7 April 2017

The latest from our FITC trip to Africa.

The hard work is well underway for our group out in Kenya, as they have met the children from The Walk Centre in Nakuru and got busy with the tasks at hand.

Day Four: April 3rd

We'll have further updates soon, but our latest blog from Community Development Officer Tom Tayler reflects on Sunday's activities, as the group begin to settle into life in their African base.
Today was the day we had all been waiting months for. After another hearty breakfaast, which this time included some boiled eggs to fill us up, we were on our way.

We set off through Nakuru on a busy Monday morning and, as we turned off the main road, we approached our destination.

As we entered, we were greeted by a concrete/dust area, which was surrounded by one beautifully decorated classroom and another set of unfinished concrete rooms.

After our introduction to the site, our first job was to meet the children, which was one of the most fantastic experiences. All of the classes that we visited were so excited to see us and they even had each prepared some songs for us, which was brilliant.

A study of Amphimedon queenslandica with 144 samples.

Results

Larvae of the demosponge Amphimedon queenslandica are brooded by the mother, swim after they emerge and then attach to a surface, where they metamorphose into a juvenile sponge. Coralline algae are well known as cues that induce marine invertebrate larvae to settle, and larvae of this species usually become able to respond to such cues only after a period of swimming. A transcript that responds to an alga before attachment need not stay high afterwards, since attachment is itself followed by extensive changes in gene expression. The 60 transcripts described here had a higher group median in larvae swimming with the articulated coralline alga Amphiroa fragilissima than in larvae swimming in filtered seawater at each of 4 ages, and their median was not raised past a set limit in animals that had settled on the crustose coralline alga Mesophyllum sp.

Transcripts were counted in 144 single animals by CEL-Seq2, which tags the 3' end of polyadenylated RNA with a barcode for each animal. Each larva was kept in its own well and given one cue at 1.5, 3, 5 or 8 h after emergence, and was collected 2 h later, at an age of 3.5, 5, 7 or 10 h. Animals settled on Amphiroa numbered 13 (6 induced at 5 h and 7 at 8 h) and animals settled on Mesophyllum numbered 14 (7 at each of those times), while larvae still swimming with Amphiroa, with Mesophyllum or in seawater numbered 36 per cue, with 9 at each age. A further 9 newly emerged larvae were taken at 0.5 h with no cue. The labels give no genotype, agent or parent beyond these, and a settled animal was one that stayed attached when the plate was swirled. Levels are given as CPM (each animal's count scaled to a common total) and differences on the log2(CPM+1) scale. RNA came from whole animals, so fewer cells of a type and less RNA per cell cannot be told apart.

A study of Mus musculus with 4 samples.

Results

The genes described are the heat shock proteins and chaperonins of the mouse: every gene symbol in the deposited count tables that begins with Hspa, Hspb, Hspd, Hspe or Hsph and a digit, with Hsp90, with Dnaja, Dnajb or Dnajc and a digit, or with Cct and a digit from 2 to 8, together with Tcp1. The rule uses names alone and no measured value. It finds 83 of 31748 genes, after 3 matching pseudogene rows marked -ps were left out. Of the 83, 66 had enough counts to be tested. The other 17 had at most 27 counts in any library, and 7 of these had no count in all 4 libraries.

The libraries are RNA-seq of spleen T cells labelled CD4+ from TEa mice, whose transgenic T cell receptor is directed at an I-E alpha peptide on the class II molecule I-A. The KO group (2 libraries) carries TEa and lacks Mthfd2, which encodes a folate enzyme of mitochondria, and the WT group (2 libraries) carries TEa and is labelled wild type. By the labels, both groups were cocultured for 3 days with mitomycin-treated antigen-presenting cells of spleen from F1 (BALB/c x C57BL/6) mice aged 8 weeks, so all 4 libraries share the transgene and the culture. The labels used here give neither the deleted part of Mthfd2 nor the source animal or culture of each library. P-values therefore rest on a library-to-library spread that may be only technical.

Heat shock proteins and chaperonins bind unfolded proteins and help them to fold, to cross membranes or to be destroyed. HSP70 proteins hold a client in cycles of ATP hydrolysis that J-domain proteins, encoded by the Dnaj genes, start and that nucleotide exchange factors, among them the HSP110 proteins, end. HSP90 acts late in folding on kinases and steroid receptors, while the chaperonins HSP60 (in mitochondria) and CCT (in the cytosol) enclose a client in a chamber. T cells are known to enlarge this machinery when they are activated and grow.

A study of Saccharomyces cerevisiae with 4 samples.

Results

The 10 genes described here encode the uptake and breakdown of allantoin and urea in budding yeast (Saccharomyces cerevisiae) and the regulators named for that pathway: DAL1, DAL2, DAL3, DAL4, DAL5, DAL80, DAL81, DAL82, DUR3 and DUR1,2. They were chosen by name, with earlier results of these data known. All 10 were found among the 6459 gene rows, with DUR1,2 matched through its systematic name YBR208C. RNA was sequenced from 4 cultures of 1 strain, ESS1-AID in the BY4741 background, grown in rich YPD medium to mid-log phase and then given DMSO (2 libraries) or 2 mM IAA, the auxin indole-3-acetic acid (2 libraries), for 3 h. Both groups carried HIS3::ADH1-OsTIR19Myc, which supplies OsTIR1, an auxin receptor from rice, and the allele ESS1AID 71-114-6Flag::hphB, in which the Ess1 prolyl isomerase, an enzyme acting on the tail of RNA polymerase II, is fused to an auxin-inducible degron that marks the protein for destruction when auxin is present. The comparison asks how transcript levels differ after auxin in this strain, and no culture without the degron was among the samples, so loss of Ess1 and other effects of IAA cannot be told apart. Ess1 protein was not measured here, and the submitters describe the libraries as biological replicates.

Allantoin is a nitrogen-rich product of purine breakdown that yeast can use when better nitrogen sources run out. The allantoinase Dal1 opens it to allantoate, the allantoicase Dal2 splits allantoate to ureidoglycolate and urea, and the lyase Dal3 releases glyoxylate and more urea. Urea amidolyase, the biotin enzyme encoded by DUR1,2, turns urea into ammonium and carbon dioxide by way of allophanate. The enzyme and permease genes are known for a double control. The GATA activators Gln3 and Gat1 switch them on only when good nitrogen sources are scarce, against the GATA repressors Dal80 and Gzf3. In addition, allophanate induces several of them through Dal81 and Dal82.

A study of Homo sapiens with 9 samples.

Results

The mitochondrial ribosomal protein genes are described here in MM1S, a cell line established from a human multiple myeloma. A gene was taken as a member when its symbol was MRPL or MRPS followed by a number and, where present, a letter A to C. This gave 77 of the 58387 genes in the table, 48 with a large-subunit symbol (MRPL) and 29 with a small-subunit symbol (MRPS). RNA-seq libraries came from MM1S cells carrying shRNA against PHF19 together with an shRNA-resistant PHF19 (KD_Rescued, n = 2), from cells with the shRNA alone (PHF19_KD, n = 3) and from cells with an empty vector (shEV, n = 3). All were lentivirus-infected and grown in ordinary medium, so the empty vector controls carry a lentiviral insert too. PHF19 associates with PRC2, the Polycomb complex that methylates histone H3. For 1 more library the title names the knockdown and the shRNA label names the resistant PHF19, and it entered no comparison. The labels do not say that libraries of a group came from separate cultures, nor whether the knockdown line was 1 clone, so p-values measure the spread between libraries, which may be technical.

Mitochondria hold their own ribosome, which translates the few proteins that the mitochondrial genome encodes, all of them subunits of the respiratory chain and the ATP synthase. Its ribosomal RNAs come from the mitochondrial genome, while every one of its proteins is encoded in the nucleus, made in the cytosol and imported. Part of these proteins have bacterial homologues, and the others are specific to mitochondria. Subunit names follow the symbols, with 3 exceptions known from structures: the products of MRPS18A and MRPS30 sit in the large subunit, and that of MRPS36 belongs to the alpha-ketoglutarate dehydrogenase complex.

Before we knew it, we had reached break time and we spent more time with our new friends. At the same time as this, we prepared the break time porridge, which every child received.

No sooner had break finished, but we were once again around the classrooms, which were small and dark, but beautifully decorated with the children's previous work.

We were once again in demand at lunchtime, as we helped serve all of those at The Walk Centre and a local partner school, whose older pupils return back for lunch.

The afternoon was a huge part of the day, as we visited the local dump site which is also a slum where many of the local children who attend The Walk Centre live.

There are not many words that do these moments justice but, as we walked up the steep hill towards the dump site, we all became quieter as we couldn't believe what we were witnessing.

Within a full on dump site, there was a huge community with homes made of scrap materials. There was a potent smell of sewage and children scavenging for whatever they could use.

If we ever see anything more shocking, I would be surprised but this emphasises the need for our project and what The Walk Centre offers.

We returned home after an emotional day with a quick stop at The Mall before dinner and cards. All of our thoughts were still with those we had seen at The Walk Centre and how they were spending their evenings.